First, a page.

Layer-wise Relevance Propagation Means More Interpretable Deep Learning Layer-wise Relevance Propagation Means More Interpretable Deep Learning
Wojciech Samek is head of machine learning for Fraunhofer Heinrich Hertz Institute. At ODSC Europe 2018, he spoke about an active area... Layer-wise Relevance Propagation Means More Interpretable Deep Learning

Wojciech Samek is head of machine learning for Fraunhofer Heinrich Hertz Institute. At ODSC Europe 2018, he spoke about an active area of research in deep learning: interpretability; layer-wise relevance propagation. Samek launched his lecture with the following preface on the rising importance of interpretability of deep learning models:

[Related Article: How to Leverage Pre-Trained Layers in Image Classification]

“In the last number of years, we’ve seen pretty amazing results and performances of ML, especially deep neural networks beating human professional players in games like GO, Poker, along with other computer games. But we’re also seeing amazing performance in areas like computer vision, natural language processing, speech processing, and so on,” Samek said. “However, until now, many of these models have been applied in a ‘black box’ manner, which means you have some input, for example, an image of skin cancer. And you get a prediction, but we’re not able to understand why these networks came to their predictions to be able to verify that they are doing what we expect them to do. Interpretability is an important topic because it allows us to establish trust and to verify predictions, for example in the medical context. This is very important since we don’t want to trust the black box when it comes to very important decisions like a medical diagnoses and autonomous driving.”

Slide copyright Dr. Wojciech Samek, ODSC Europe 2018

In many problems, interpretability is as important as predictions. Trusting a black-box system is not always an option.

Samek discussed an interpretability methodology called Layer-wise Relevance Propagation (LRP), a general approach to explain predictions of AI. The mathematical interpretation is Deep Taylor Decomposition of the neural network. It was originally presented in a 2015 paper, “On pixel-wise explanations for non-linear classifier decisions by layer-wise relevance propagation” by Bach et al.

Slide copyright Dr. Wojciech Samek, ODSC Europe 2018

In the above example, the algorithm takes the input image and propagates it through the network using forward pass. It activates the rooster neuron. Then it redistributes the evidence for the class rooster back to input space.  

The presentation resembles a kind of graduate seminar, like one that an academic department would sponsor for masters- and doctorate-level students. It’s best to review the academic paper first to make the ODSC talk more approachable. Samek’s research group’s website offers a plethora of additional materials to learn more about LRP.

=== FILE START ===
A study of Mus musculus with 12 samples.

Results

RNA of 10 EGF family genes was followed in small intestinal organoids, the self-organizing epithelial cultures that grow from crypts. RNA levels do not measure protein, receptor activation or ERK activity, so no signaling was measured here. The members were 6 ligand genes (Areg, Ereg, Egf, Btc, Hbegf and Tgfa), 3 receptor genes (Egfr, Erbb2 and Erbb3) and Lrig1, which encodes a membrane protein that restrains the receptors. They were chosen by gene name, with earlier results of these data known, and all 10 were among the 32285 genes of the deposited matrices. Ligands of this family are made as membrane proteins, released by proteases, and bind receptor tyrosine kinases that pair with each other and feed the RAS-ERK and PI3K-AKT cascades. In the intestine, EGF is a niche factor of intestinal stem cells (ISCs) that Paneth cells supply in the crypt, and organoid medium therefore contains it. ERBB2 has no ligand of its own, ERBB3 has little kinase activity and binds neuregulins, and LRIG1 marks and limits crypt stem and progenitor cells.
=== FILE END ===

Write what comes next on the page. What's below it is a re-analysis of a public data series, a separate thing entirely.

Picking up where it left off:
Samek presents the pros and cons of popular AI explainability techniques. He goes through a comparative analysis of these techniques — e.g. sensitivity analysis, Local Interpretable Model-Agnostic Explanations (LIME), etc. — with respect to LRP.

The latter part of the talk focuses on using LRP in practice. It provides some insight into how data scientists can apply the technology to various problem domains, such as general images, speech, text analysis, games, video, morphing, faces, digits, and EEG. Samek also shows how they can apply LRP to vastly different models, such as CNNs, LSTM, one-class SVM, etc.

This presentation highlights a very important area of research: Addressing the “black box” problem with AI. It surveys state-of-the-art research efforts toward interpretable deep learning, with a focus on LRP.

To take a deeper dive into interpretable deep learning, check out Samek’s compelling hour-long talk from ODSC Europe 2018.

[Related Article: Automating Data Wrangling – The Next Machine Learning Frontier]

Key Takeaways:

  • Deep neural networks (DNNs) are reaching — or even exceeding — human performance on an increasing number of complex tasks.
  • Due to their complex, non-linear structure, these models are usually applied in a black box manner, i.e., no information is provided about what exactly makes them arrive at their predictions. The lack of transparency for the explainability of AI can be a major drawback in practice.
  • Layer-wise Relevance Propagation (LRP) is a general technique for interpreting DNNs by explaining their predictions. LRP is effective when applied to various data types (images, text, audio, video, EEG/fMRI signals) and neural architectures (ConvNets, LSTMs).

Daniel Gutierrez, ODSC

Daniel D. Gutierrez is a practicing data scientist who’s been working with data long before the field came in vogue. As a technology journalist, he enjoys keeping a pulse on this fast-paced industry. Daniel is also an educator having taught data science, machine learning and R classes at the university level. He has authored four computer industry books on database and data science technology, including his most recent title, “Machine Learning and Data Science: An Introduction to Statistical Learning Methods with R.” Daniel holds a BS in Mathematics and Computer Science from UCLA.